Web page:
Trade negotiators reached an initial deal to sell American rice in China for the first time ever, the Department of Agriculture announced Thursday.
A deal to open Chinese markets to rice grown in the U.S. has been in the works for more than a decade, but agriculture Secretary Sonny Perdue says it’s finally coming to fruition.
“This is another great day for U.S. agriculture and, in particular, for our rice growers and millers, who can now look forward to gaining access to the Chinese market,” Perdue said in a statement. “This market represents an exceptional opportunity today, with enormous potential for growth in the future.”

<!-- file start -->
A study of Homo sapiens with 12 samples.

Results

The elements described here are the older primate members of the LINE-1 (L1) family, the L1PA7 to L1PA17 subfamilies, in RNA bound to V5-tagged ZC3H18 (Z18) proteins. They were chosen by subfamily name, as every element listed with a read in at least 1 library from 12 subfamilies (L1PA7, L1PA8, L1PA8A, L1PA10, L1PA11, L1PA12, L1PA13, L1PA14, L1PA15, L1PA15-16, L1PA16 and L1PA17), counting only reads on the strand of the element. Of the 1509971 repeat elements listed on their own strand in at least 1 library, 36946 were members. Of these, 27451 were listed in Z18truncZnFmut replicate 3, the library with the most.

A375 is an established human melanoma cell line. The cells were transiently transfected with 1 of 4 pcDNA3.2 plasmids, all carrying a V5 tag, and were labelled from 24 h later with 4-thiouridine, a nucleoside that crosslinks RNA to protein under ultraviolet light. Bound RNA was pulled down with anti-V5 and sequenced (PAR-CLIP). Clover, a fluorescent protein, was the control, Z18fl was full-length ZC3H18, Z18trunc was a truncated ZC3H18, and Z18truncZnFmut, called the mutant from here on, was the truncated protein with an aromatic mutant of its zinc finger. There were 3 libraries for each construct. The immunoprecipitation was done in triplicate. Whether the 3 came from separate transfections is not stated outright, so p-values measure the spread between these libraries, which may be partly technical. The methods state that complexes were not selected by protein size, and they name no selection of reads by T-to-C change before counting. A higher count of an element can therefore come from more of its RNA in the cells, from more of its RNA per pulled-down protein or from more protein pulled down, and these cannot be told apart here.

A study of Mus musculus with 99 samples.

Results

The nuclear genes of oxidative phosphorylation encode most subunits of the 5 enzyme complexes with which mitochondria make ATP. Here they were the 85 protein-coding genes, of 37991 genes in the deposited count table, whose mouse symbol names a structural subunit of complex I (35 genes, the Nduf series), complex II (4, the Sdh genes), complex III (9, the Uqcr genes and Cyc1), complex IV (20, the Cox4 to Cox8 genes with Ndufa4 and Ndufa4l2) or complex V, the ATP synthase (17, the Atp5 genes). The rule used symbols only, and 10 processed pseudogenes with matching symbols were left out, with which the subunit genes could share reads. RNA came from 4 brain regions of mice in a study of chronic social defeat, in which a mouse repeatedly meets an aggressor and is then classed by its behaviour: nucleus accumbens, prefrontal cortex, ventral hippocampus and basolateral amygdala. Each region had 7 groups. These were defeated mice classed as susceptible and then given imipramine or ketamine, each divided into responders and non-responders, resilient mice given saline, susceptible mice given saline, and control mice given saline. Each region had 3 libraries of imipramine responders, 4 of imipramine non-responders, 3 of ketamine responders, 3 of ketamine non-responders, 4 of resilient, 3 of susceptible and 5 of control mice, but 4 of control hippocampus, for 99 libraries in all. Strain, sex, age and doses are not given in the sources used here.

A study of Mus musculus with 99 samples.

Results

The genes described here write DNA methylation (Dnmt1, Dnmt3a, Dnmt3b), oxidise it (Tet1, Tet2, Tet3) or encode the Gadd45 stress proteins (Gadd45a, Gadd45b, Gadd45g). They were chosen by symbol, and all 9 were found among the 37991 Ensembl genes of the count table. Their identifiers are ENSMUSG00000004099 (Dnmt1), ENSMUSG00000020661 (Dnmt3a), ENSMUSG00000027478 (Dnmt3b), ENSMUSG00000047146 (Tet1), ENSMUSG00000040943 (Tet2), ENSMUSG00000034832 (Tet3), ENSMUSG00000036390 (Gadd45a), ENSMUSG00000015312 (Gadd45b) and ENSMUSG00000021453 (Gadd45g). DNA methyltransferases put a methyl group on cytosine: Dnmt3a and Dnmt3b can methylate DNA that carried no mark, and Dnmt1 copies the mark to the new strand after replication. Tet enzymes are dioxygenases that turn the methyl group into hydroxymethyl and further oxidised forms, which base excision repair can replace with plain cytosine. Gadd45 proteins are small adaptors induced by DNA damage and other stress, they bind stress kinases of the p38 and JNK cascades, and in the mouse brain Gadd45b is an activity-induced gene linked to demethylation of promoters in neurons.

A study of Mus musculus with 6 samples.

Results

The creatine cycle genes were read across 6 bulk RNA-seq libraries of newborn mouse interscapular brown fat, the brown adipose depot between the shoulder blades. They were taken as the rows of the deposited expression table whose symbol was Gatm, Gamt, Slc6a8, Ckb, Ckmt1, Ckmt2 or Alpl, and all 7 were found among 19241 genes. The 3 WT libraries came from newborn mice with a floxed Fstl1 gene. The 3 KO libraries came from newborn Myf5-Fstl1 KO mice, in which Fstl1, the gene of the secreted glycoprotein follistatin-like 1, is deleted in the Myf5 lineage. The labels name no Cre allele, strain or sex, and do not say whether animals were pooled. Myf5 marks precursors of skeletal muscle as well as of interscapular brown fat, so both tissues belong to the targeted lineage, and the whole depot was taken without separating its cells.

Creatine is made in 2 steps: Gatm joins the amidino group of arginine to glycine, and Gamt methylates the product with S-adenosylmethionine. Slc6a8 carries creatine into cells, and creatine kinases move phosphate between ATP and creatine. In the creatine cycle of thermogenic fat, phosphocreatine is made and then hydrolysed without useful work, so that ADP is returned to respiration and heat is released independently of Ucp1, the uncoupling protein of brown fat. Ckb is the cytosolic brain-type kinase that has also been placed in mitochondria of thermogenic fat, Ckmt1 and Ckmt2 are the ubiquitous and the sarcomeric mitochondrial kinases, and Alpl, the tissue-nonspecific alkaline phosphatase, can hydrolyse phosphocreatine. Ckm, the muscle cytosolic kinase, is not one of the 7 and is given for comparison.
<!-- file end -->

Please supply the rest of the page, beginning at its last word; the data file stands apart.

China is the world’s largest producer of rice, but it is also the largest consumer. The country imported almost 5 million tons of rice last year, mostly from Vietnam, Thailand and other Asian nations.
The U.S. and China reached an agreement on the process for ensuring the safety of imported American rice in January 2016, a “more complicated and detailed than any other rice protocol in the world,” Dow Brantley
The announcement comes after trade talks between the Chinese and U.S. officials took a disappointing turn. At the end of the high-level trade talks Wednesday, the U.S. was only able to claim that “China acknowledged our shared objective to reduce the trade deficit which both sides will work cooperatively to achieve,” but the two countries could not agree on solutions to the $347 billion trade deficit, the Wall Street Journal reports. (RELATED: US-China Trade Talks Falter As Relations Spiral)
China allowed U.S. beef imports last month for the first time in 13 years, in exchange for the U.S. allowing imports of cooked poultry products.